A Different Sort of New Year’s Resolution
Most New Year’s resolutions are about doing something or not doing something. We resolve to get more exercise or go to bed earlier, or to stop smoking or gambling. But this year I am trying some resolutions that are not about either doing or not doing anything. They are about simply letting things happen to me. I suppose I could call them “passive resolutions.” The first is to let people help me. As I get older, more and more people seem to want to help me with one thing or another. At first I actually took offense at that. I thought they were implying that I was too feeble to do anything myself. But I have finally realized that they are not usually insulting me or trying to probe how much better they are than I am. They are usually just trying to, well, help. So instead of reacting defensively, I am going to try to react gratefully. It really is not all that hard: I can just say “thank you!”
One of my other resolutions this year is to let myself take pleasure in things. That is not easy for me. Having grown up in a religion that seemed to value suffering more than pleasure, I still feel suspect of anything that might be enjoyable. But maybe I am finally ready to throw caution to the wind and actually risk enjoying something. Some people even say pleasure is essential for a healthy life. Could some thing so heretical actually be true? I am going to try to find out!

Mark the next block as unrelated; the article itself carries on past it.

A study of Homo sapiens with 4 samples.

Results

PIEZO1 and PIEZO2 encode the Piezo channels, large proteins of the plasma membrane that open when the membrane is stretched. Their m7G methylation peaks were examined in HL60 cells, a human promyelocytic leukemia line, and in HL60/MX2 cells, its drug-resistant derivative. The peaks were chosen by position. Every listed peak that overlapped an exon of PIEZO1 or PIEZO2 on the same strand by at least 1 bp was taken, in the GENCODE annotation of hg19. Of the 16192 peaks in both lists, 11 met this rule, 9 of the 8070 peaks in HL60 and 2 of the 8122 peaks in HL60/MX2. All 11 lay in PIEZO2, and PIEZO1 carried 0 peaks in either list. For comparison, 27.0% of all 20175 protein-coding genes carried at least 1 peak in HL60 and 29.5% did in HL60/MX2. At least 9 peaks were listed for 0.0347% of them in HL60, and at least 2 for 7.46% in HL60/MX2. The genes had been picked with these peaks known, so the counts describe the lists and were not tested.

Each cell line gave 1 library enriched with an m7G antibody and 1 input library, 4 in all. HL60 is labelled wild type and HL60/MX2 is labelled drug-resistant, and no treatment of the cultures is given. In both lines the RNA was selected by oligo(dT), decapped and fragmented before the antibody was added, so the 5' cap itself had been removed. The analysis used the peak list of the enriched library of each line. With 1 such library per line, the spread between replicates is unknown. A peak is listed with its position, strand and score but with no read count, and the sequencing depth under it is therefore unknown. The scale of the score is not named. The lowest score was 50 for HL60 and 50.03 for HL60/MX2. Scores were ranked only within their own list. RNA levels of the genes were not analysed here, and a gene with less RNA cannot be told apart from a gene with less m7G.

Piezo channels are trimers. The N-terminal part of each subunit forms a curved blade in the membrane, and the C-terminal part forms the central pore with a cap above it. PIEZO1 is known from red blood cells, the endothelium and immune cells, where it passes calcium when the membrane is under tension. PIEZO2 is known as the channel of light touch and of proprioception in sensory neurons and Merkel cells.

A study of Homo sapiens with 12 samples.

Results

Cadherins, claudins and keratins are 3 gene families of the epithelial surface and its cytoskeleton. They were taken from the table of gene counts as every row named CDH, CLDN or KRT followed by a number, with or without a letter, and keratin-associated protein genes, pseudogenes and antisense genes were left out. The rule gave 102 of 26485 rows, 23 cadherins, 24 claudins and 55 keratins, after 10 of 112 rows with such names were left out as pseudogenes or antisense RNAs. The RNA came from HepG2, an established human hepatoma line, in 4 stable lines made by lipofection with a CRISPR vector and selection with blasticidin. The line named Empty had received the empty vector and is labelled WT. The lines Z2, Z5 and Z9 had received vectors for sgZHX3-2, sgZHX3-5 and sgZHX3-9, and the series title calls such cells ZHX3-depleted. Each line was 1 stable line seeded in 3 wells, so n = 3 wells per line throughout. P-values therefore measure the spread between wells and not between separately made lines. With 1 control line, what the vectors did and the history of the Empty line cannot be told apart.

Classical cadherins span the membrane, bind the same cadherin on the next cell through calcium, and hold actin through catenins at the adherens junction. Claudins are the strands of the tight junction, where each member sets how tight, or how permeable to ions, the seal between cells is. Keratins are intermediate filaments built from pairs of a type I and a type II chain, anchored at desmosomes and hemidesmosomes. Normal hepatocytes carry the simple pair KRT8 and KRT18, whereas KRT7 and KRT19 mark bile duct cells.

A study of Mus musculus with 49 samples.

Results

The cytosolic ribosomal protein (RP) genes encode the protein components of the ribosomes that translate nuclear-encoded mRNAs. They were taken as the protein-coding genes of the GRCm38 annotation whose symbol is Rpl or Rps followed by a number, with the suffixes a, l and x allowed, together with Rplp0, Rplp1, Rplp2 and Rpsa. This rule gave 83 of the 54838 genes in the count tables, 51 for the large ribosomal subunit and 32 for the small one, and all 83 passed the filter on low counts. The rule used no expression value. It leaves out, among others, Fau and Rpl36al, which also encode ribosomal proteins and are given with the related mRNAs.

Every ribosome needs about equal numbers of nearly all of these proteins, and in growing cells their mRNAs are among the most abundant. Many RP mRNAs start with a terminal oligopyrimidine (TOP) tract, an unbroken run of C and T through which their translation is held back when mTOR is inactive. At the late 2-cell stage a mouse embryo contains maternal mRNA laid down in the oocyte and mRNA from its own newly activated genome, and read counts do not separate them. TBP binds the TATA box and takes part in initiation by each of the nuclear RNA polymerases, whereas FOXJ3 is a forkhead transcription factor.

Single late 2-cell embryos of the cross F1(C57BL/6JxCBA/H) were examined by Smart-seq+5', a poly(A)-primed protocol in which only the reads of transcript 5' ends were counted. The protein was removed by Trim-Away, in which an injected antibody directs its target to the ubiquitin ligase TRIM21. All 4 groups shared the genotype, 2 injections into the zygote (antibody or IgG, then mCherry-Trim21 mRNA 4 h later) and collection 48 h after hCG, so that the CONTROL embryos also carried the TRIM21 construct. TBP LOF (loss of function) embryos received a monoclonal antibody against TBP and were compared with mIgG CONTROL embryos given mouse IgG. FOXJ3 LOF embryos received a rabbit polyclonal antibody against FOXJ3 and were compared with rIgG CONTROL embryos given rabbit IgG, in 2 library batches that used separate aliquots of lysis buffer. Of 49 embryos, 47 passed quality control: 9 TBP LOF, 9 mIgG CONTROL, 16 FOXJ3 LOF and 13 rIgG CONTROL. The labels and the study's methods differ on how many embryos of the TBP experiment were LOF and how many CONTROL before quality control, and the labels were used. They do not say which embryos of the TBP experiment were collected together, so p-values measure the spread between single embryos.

Resolution number three is to allow good things that happen to make me optimistic rather than only letting bad things make me pessimistic. I have always been afraid of optimism. I figure that if I expect something to go well and it doesn’t, I will be devastated, but if I expect the worst and things go well, I will be pleasantly surprised. I guess I could call it the power of negative thinking. But it does much more harm than good. It is too high a price to pay for avoiding disappointment. Such a habitually negative attitude is debilitating for both the mind and the body. And it also becomes a self-fulfilling prophecy. Expect something bad and you are more likely to get it. So does expecting something good help you get it? I’m at least going to give it a try.
But suppose I do let myself be optimistic and it does make things go better? Can I accept good fortune? Like pleasure, it has always seemed suspect to me. It just does not seem right. I mean, I don’t deserve good fortune do I? How could I accept it without feeling guilty? Well, I don’t really know. It seems awfully audacious to even try. But I’m going to.
Actually, all of these resolutions seem audacious to me. Who do I think I am, anyway? Well, maybe it’s time to find out. This year I am really going to try these things. Maybe you will, too. If so, let me et me know how it goes. I’ll let you know how I do, too.